Updated on April 29, 2011

Keep Your House Warm By Covering Windows and Doors With Quilted Curtains

In my tiny cottage there's no room to fit a door on the kitchen - there are stairs and shelves and kitchen units in the way on both sides of the door.

There is a curtain between the two rooms but it doesn't do a good job of keeping the heat in the lounge. We don't have central heating and we only like to keep one room warm because, obviously, it's cheaper that way than having lots of different heaters on in different rooms.


So this winter, my partner gave me the job of creating a padded curtain that would do a better job of keeping the heat in and this is what I came up with.

Quilts for Curtains

I've already had quite a bit of experience making layered textiles art and huge wall hangings so I started to think about how I could use those skills to help keep us warm this winter.

For this project I wasn't going for anything glamourous or complex I just needed something that would be quick to make, that would keep us warm.

What You Will Need

A piece of wadding that's slightly bigger than your door or window space.

2 lengths of fabric that are bigger than your piece of wadding. I chose a length of fabric that I'd screen printed with tin openers for the kitchen side of my door.

Strong cotton thread.


Foam tubes (the type that are used to insulate pipes - you should be able to find these at your local DIY store).

Extra pieces of fabric the width of your wadding and long enough to go around the tubes.

Lay out Your Fabrics

Find a clear space on the floor and lay out one of your pieces of fabric.

Lay the wadding on top.

Lay your second piece of fabric on top of this.

Pin the fabrics all together at regular intervals. Make sure that you keep smoothing out the fabric so you're not pinning wrinkles into place.


I spent time tacking the fabrics together at this point - this means sewing big stitches through all the fabrics so that all the layers are secured. I sewed in a criss-cross pattern.

I started sewing down the lengths with a big running stitch, making sure I only sewed in one direction. I then sewed across the width, only sewing in one direction. This left me with two inch squares.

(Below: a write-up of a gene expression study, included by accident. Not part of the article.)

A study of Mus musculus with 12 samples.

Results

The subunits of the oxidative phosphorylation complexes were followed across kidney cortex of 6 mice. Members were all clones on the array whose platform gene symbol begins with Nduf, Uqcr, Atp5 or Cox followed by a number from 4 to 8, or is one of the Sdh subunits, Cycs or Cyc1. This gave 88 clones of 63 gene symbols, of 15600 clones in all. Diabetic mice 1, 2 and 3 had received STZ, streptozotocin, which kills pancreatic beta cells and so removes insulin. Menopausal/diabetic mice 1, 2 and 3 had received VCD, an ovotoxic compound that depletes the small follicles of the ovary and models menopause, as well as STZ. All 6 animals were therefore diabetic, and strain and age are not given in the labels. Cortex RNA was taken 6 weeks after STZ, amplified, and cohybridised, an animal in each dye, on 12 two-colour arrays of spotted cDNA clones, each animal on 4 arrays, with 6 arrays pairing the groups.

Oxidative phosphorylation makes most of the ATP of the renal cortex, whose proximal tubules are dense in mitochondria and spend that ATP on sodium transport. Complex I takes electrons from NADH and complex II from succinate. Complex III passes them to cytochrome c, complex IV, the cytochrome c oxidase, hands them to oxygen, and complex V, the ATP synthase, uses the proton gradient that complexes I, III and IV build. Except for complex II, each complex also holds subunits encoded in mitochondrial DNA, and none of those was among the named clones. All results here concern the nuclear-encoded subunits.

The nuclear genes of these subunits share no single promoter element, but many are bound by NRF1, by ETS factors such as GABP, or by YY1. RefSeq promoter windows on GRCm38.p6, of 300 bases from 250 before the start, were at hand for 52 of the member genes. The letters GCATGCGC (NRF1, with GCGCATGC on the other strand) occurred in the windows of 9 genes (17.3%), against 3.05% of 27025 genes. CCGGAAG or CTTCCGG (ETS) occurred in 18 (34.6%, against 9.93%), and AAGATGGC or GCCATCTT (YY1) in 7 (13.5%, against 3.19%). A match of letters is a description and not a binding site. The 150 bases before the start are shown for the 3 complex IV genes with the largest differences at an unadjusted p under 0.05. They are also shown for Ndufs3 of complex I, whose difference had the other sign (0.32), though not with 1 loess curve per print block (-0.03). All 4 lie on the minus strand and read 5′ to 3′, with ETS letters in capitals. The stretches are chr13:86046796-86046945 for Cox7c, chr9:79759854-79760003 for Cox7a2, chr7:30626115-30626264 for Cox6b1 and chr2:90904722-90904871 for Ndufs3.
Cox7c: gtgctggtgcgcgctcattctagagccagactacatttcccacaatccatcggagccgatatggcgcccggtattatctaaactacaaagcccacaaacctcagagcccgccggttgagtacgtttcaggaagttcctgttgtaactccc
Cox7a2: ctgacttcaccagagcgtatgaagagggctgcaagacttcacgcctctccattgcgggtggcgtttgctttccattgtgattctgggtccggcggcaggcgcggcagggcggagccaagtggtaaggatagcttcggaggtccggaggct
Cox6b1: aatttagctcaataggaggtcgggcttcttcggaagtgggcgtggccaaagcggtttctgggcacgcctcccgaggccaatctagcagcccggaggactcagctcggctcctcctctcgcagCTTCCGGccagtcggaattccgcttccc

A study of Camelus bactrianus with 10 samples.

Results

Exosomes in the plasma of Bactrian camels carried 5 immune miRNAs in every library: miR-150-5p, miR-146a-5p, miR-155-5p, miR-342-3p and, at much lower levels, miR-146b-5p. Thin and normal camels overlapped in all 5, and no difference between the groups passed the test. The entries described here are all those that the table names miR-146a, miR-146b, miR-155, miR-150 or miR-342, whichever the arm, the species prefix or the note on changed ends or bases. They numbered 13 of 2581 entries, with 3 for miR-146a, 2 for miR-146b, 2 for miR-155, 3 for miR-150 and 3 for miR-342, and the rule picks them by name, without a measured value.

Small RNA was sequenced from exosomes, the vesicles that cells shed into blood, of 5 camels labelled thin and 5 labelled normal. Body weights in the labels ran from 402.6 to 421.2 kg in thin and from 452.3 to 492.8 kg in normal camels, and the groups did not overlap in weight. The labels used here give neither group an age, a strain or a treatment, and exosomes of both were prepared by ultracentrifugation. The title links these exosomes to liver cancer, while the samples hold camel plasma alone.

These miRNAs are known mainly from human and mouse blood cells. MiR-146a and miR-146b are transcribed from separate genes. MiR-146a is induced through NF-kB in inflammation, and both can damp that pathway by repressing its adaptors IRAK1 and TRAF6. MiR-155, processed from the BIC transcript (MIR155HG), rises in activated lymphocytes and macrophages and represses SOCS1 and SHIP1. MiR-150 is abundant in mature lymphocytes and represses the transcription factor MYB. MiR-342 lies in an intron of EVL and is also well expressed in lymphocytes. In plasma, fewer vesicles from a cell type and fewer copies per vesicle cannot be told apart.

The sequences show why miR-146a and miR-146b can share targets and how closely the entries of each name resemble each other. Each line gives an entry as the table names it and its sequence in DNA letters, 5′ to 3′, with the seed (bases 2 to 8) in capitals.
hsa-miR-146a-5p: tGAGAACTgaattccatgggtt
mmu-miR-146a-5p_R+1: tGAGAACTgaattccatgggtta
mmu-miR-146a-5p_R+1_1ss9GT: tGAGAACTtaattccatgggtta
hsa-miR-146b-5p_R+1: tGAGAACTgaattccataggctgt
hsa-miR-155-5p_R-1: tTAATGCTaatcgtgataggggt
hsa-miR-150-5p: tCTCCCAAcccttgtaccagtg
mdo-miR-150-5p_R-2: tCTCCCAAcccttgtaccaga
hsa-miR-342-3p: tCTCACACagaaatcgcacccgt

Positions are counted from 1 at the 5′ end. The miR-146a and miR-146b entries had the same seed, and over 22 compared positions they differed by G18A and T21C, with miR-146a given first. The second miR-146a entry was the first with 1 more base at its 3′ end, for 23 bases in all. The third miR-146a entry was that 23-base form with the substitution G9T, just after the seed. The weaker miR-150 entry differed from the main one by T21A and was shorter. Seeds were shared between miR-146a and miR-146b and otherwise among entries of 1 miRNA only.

You're going to pull these stitches out once you've used the sewing machine to sew along those lines.

Need Help Quilting Your Curtain?

If you need some more tips, try this book.

Time for the Sewing Machine!

If you have a quilting foot for your sewing machine then use that to stop tucks appearing in your quilted fabrics. If you don't have a quilting foot, don't worry - I don't either.

Simply sew along the lines you tacked, making sure that you onbly sew in one direction to avoid weird tucks and stretching.

Sewing Fabric Sleeves for the Tubes

At this point you're going to want to add an extra piece of fabric on both the top and the bottom of your curtain.

These pieces of fabric need to be big enough for you to slip your tube inside once they're sewn up. Don't forget to add seam allowance.

Sew the fabric onto one side of your curtain so that the curtain the the tube sleeve are right sides together (this will help hide those nasty rough edges at the top and bottom of the curtain).

Don't sew the sleeve on the other side at this point. For now you just want a piece of fabric hanging loose which is extending the top and the bottom of the curtain.

Binding the Edges

Next you need to get some fabric binding to hide the rough edges down the lengths of your curtain.

Sew the binding into place, making sure it goes down the whole of the curtain and the piece of fabric that will be your tube sleeve.

Finishing Your Curtain

Now all that's left to do is finish those tube sleeves.

Fold the fabric for the sleeves over and pin them into place onto the back of your curtain - you should be sewing the fabric so that all the messy edges of the fabric are hidden behind the sleeve.

Slip the tubes into place and you're done.

You can slip your curtain through a curtain rail and the tube will create a seal at the top to stop air coming through and the weight and rigidity of the tube at the bottom will hold the curtain straight.


      KimGiancaterino 8 years ago

      This would be a good idea in our basement where the cats have their own room. I'm using a couple of towels to block the vent when it's cold outside, but they look pretty tacky. Thanks for the idea!

    • Stazjia profile image

      Carol Fisher 8 years ago from Warminster, Wiltshire, UK

      This quilted curtain would be good for drafty windows as well as doorways. It's a great idea and blessed by an Angel.

    • ctavias0ffering1 profile image

      ctavias0ffering1 8 years ago

      I have a quick tip for helping to keep warm. My house used to be freezing but then I bought a dehumidifier. Dry air warms more easily than damp air and it makes a huge difference to run a dehumidifier for a short time each day. I keep mine in the kitchen, it's the dampest room in the house but, boy, does it make a difference and it's a lot cheaper to run than any heater, it actually saves me money on my electricity.

    • profile image

      boutiqueshops 8 years ago

      Cool, or warm idea, LOL I've been looking for ways to keep my home warm this winter. I also use a curtain in a doorway between two halves of my house to keep the a/c on one side or the other (we use window units).